Last Updated on May 5, 2015, by eNotes Editorial. Word Count: 1041
"The Switchman" opens at a deserted train station in an unnamed country. The stranger arrives, sweaty and out of breath from the effort of carrying his heavy suitcase, and mops his face with his handkerchief. His watch reads the exact time his train is scheduled to depart, but there is no sign of it; he worries that he has missed the train.
Out of nowhere appears an old man who taps him on the shoulder. The man is dressed like a railroader and carries a red lantern that is so small it looks like a toy. The stranger assumes he is affiliated with the railroad, and the implication is that he is the switchman for whom the story is named. The stranger asks the old man if the train has left, and in response the old man asks him if he has not been in the country long, indicating that the question is ridiculous and that the stranger is clearly not familiar with the system. The stranger insists that he must be in T__ by the following day at the latest, and the switchman responds that the stranger obviously doesn't understand the situation. He advises him to procure a room at the inn, ideally by the month. The stranger argues that he doesn't want to stay, and in response the switchman says he should let him work out his problem himself, but instead he will inform him of the situation. Thus begins their dialogue comprised almost solely of the stranger's questions and the switchman's answers.
According to the switchman, "This country is famous for its railroads." Apparently this fame is due to the poor reputation of the railroads, but the switchman insists that the timetables and ticket sales have been greatly improved. In effect, he reports, it has been improved such that by all appearances there is a working rail system linking every town in the country, but in fact the trains do not adhere to the schedules. In the meantime, he insists, everyone is patient with the system out of patriotism. The stranger learns that although rails do pass through the town, the train doesn't necessarily come through it, although a few have been known to do so, and perhaps he might be lucky enough to get one. The stranger asks if the theoretical train will go to his destination, and the switchman treats the question as if he is asking more than is reasonable. The stranger argues that his ticket is for his destination, and the switchman concedes that although most people would agree with his logic, locals cope with the circumstances by purchasing massive amounts of tickets to locations all over the country and never expect to reach their destination.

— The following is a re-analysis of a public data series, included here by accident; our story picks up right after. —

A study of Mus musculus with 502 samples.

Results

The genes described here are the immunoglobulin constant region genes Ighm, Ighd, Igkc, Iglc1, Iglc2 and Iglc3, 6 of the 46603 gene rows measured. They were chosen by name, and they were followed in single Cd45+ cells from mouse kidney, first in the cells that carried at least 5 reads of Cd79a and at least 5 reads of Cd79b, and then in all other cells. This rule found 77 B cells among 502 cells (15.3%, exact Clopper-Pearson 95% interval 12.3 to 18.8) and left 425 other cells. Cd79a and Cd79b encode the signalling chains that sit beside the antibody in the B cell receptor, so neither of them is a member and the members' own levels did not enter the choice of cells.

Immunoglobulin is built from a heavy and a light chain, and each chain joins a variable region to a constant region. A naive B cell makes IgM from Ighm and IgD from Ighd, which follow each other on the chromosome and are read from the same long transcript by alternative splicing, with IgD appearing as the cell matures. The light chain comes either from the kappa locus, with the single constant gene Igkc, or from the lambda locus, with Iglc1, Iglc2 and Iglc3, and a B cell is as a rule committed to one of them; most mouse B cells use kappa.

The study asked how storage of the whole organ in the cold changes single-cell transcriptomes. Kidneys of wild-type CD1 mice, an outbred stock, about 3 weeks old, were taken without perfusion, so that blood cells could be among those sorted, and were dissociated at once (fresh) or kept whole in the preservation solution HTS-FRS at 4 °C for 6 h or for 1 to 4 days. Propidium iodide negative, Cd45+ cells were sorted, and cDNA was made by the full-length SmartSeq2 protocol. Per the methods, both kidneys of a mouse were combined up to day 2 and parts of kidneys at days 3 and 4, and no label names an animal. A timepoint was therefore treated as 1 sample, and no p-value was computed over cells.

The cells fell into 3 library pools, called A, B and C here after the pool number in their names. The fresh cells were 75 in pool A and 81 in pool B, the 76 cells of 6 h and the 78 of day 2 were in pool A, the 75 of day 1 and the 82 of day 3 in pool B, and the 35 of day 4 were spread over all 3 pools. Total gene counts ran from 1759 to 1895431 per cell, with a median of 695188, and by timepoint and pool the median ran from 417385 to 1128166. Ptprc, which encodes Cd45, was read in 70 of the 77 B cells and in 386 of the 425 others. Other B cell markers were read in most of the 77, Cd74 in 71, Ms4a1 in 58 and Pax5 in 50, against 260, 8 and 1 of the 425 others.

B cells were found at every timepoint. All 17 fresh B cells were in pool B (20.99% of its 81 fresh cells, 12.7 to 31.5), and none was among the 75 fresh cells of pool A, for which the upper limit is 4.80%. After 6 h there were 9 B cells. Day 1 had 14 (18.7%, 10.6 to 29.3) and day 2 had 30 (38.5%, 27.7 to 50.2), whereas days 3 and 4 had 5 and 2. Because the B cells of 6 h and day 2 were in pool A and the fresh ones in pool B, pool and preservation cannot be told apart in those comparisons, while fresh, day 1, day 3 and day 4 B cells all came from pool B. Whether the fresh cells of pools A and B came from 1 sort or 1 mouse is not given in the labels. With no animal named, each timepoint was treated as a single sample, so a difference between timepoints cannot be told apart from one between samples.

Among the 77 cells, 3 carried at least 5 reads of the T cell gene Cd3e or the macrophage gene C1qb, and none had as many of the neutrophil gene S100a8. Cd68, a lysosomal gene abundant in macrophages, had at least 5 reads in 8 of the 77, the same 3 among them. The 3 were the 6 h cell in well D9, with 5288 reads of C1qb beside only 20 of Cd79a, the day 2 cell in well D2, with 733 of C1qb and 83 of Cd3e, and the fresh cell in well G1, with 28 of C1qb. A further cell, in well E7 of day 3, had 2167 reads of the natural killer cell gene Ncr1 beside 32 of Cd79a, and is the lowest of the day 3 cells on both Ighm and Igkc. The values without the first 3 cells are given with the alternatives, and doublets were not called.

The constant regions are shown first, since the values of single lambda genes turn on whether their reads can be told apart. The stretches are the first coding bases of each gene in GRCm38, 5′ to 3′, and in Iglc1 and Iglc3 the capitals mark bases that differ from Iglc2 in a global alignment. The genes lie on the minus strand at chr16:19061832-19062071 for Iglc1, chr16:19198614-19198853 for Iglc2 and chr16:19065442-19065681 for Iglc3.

The switchman explains that the railroads take the trains through impassable areas in their desire to serve their citizens, and as a result, the trains can take a long time. In fact, he says, people often die in the course of their trip, and as a result, funeral coaches are available. He also describes areas in which there is only one rail or none at all, resulting in wrecks, and tells of a town which came into being because of such a wreck. At the stranger's dismay at this news, the old man tries to bolster his courage, relaying a story about a group who found their train at an abyss without a bridge. According to the now-famous story, the group carried the train in pieces across the abyss and a river at its bottom, reassembled it on the other side, and received a discount for their trouble.
In response to these anecdotes, the stranger continues to insist that he must reach his destination by the next day. The switchman applauds his tenacity and suggests he stay at the inn until a train arrives and then take that one. He explains that most people take this course, and it is possible that thousands of people may compete with him to board the train, but it is worth a try. Apparently riots often result from passengers trying to board trains, and a school of railroad etiquette was established to cope with the situation. The switchman also urges the stranger to be vigilant about disboarding at the correct stop because in an effort to remedy overcrowding, the railroad has built imitation cities inhabited by dummies. People are often tricked into leaving the train and abandoned in such places. The trains are also equipped to project mirages in the windows, to trick passengers into believing that the train is moving or that they have reached their destinations. The switchman explains that in hopes of reaching his destination, he must focus on his goal and speak to no one because the railroads are full of spies who might undermine his efforts and in fact force him to spend the rest of his life in a prison car. According to the switchman, all of this effort on the part of the railroad is designed to convince all passengers to give in to their fates and cease caring about a destination.
At this the stranger asks the old man if he has traveled the rails much, and the old man replies that he is a retired switchman who comes to the station to remember the good old days. In fact he has never traveled but relies on the stories of others. He relays another story of passengers tricked into disboarding to admire the scenery and then abandoned, and then asks the stranger if he would like to spend the rest of his life in a remote, beautiful spot with a girl. He winks and smiles at the stranger and then jumps in alarm at the sound of a train whistle. The switchman runs at the train, gesturing wildly with his lantern, and calls back to the stranger, asking again the name of his destination. The stranger replies that it is X__ , a different destination from his previous one. This reply coincides with a name or identity change for him; previously called the stranger, he is now called the traveler. At the moment he submits to the ways of the railroad, the old man disappears into the morning, and the train noisily approaches the station.